How to make better decisions in an economic downturn
The Importance of Decision-Making
Understanding Fundamental Attribution Error
We make choices based on our understanding of a problem or opportunity. But that understanding comes from limited information – what we see, hear, imagine, and remember.
For instance, right now, your conscious awareness is likely engaged with the text on your screen, interpreting patterns of letters and numbers into meaningful information. Our brains filter that data through emotions, beliefs, and past experiences. This can distort the facts, leading to flawed choices.
Decisions and Errors
Fundamental attribution error happens when our interpretation of a situation is so far off that our resulting decision is clearly wrong in hindsight. Here’s an example:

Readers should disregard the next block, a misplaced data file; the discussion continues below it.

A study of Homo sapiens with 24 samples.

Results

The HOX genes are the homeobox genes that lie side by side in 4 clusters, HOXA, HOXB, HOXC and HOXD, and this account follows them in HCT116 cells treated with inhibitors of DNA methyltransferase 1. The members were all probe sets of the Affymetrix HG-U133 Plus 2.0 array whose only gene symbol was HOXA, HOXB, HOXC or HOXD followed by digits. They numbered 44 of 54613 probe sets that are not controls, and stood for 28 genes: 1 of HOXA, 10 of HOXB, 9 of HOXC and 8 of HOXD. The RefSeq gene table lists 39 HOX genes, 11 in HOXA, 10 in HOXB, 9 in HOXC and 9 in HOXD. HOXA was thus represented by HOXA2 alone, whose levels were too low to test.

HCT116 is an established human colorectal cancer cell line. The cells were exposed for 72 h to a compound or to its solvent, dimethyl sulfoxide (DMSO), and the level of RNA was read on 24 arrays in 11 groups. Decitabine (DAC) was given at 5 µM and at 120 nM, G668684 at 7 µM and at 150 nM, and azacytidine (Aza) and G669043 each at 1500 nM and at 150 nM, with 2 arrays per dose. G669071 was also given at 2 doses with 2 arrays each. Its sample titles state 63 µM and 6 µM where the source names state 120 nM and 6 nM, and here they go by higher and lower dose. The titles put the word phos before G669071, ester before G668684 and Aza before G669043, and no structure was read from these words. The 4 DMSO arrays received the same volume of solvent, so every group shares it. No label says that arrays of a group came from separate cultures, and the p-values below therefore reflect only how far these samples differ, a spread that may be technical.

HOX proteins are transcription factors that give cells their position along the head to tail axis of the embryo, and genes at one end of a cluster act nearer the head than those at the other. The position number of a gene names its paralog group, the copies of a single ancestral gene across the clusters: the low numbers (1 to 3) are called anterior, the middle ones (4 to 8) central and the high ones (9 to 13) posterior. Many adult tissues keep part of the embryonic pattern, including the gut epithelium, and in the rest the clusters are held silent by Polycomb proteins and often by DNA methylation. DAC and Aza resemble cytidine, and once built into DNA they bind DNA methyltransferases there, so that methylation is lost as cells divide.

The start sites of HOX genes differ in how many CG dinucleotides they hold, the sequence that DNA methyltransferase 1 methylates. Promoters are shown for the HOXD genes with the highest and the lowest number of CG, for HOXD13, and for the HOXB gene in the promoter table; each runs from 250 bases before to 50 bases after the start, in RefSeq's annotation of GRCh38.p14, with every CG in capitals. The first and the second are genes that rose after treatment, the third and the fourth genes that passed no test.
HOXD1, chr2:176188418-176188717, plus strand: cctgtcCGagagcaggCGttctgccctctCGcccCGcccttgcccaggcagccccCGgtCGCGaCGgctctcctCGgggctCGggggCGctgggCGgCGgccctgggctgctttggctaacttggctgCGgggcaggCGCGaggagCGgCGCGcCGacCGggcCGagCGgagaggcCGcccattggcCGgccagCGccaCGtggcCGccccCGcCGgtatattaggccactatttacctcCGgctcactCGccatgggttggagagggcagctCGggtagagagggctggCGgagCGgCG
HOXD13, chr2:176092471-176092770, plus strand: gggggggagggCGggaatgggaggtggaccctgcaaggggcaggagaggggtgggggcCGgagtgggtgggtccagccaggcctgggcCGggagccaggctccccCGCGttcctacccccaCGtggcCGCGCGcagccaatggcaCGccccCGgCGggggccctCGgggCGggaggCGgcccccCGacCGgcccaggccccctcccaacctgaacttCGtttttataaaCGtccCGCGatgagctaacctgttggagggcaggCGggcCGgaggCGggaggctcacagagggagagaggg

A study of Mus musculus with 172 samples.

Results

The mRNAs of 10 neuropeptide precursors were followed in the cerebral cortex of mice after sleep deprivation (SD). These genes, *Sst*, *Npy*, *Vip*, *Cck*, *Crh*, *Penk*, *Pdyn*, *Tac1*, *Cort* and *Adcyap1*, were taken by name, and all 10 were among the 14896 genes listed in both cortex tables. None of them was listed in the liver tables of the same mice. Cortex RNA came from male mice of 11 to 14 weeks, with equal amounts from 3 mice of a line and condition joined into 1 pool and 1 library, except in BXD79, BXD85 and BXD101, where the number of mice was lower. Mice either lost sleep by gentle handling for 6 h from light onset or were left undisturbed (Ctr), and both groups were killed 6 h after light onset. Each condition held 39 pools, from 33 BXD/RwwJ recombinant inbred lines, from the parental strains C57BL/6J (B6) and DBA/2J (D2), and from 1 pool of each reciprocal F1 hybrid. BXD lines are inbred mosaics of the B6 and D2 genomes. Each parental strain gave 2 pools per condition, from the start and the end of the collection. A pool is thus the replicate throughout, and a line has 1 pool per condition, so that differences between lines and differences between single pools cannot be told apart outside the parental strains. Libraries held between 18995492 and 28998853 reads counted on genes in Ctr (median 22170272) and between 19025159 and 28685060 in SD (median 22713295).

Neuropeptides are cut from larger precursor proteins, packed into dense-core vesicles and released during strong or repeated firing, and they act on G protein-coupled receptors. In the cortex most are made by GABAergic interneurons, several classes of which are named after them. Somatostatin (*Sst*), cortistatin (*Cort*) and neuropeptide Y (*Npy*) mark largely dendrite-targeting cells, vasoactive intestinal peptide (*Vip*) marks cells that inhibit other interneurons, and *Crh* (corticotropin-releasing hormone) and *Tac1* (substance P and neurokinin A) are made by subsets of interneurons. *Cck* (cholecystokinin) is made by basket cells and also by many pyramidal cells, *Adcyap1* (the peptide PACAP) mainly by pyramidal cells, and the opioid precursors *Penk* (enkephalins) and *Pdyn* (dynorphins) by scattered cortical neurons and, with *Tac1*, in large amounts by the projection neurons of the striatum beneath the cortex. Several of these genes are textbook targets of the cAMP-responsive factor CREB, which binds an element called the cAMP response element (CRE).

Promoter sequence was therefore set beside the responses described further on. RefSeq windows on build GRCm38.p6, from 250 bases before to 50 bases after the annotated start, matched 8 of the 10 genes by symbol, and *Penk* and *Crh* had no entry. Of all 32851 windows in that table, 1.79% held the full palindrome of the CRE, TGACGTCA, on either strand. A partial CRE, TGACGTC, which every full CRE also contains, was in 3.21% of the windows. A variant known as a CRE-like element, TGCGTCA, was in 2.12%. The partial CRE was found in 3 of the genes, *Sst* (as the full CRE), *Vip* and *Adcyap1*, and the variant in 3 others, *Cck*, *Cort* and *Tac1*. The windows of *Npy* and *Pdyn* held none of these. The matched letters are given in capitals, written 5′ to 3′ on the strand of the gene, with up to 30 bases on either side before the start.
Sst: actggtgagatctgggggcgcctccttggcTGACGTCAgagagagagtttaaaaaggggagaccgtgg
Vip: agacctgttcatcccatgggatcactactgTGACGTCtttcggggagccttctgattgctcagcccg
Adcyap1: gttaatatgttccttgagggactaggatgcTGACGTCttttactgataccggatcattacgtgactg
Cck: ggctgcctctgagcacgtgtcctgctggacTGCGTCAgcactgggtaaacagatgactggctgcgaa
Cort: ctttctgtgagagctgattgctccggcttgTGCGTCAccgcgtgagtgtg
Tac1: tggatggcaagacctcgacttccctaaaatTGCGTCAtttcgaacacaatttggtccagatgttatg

I asked Joe to write down what had actually changed about his situation. He rated each item’s importance and likelihood. This made the decision more objective. It turned out that only one minor contract change was needed to launch the product.
A Procedure for Sound Decisions
- List the changes that could impact your situation
- Rate each item’s importance from 1 (low) to 10 (high)
- Rate each item’s likelihood from 0 (very unlikely) to 10 (very likely)
- Multiply the importance and likelihood of getting a weighted score
- Ask others to review if it’s a critical choice
This method still has flaws, but it reduces the risk of fundamental attribution error. With better information, you can make decisions with confidence even in tough times.